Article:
Industries consume significant volumes of water and are required to treat their wastes. Water demand maintains a direct relationship with investments; the more direct investments are made in the region, the more water and water services are likely to be needed.
New analysis from Frost & Sullivan (environmental.frost.com), Opportunities in the Latin American Industrial Water Market, finds that finds that the steel industry in the region which is considered one of the most dynamic and in constant growth due to the potential of its main markets, consumes approximately 21 percent of the total water demand in Latin America and has a noticeable increasing trend for the forthcoming years.
In the biofuels sector, major investments have traditionally taken place in Brazil, but other countries in the region are beginning to receive investments in this segment as well; Colombia, the Dominican Republic, and Peru are among these nations. Investments in the natural resource segments- mining, agroindustry, and tourism have been enhanced in Mexico and the Caribbean basin. Besides, there are transnational corporations (TNC) subsidiaries producing certain product lines for the global market in South America as well. There are also high levels of investment in the motor vehicle industry, mass consumer goods, telecommunications, and construction verticals.
Many countries in Latin America lack improved water and wastewater infrastructure. Most opportunities revolve around expansion and upgrading of existing water supply and wastewater networks. The demand for such solutions in the industrial sector in the region is concentrated in the oil and gas, chemical and petrochemical, mining, food and beverage as wells as the paper and pulp industries.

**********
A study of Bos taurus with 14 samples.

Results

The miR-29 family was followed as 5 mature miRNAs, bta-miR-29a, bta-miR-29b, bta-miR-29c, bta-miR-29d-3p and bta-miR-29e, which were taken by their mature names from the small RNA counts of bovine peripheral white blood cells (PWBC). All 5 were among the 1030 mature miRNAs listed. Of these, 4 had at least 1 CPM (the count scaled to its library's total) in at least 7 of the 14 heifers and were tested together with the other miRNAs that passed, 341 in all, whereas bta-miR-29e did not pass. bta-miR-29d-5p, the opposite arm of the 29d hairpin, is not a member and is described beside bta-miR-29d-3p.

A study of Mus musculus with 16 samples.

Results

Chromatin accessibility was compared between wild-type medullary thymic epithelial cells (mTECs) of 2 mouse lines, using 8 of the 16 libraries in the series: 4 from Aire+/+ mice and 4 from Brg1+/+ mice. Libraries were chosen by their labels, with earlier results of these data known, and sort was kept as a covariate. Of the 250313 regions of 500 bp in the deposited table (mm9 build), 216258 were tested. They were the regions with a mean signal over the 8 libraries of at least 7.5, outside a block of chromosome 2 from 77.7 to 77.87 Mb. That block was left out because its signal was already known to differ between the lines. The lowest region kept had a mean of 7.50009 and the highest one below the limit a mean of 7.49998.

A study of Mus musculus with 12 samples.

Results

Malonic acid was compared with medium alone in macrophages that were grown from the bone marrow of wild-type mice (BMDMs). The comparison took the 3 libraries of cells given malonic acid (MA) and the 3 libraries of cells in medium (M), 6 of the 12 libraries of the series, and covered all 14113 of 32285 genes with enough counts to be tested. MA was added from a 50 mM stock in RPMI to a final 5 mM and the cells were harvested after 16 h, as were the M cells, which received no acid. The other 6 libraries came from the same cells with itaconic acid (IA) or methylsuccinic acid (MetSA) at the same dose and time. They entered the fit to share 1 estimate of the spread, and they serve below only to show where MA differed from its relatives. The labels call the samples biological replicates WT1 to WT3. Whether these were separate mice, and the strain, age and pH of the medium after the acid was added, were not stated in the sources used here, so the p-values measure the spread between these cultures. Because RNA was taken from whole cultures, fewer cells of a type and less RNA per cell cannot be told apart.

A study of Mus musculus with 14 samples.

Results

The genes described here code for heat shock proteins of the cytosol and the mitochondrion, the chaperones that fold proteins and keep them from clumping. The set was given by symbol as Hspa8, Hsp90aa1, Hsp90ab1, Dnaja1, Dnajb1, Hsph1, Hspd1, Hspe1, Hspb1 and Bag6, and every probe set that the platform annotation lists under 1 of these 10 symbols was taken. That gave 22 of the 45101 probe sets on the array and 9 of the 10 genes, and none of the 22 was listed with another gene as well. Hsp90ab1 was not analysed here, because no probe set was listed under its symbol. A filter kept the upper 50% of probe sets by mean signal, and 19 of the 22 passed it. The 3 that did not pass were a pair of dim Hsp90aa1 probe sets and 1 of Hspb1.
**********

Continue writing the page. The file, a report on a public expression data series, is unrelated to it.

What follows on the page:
As the regulations in the region advance in terms of requirements and enforcement, the above-mentioned industries are expected to increase investments in water and particularly in wastewater solutions and services. Water discharge and desalination are the major trends in the region as well. In terms of competition, the Latin American market still presents a moderate degree of industry rivalry at the development stage.
"Although some participants illustrate more incisive market shares, there are opportunities for the different local contractors and companies," adds fellow analyst and Johanna Dueñas. "However, as the industry matures, the rivalry is likely to increase and restrain the ability of the less-capitalized competitors."
Considering the overall scenario, the adoption of a strategy toward a chosen target market is imperative for a company to achieve success in Latin America. Under such competitive conditions, forward planning is critical for a company to survive and progress.
"In order to be successful, companies must formulate appropriate strategies to match technological requirements and segments' demands, monitor customer feedback, improve customer relationship management, focus on value addition, and create product differentiation," observes Dueñas. "Value-added services including consultancy, on-site maintenance, product delivery, and inventory management can help suppliers differentiate and derive the cutting edge over competition."
Participants must focus on remote monitoring and control systems as these services can help reduce the cost of on-site operations. Also, companies must establish their local footprint and increase market penetration. The global economic crisis is encouraging private water and sanitation companies to invest in high growth areas such as the Middle East and Asia Pacific.
Opportunities in the Latin American Industrial Water Market is part of the Environmental Growth Partnership Service program, which also includes research in the following markets: Opportunities in the Latin American Municipal Water Sector, Service: Brazilian Industrial Sludge Treatment Equipment Market, Service: Latin American Fire and Smoke Detection Devices Markets, and Service: World Trends in the Residential Air Treatment Equipment Markets. All research services included in subscriptions provide detailed market opportunities and industry trends that have been evaluated following extensive interviews with market participants.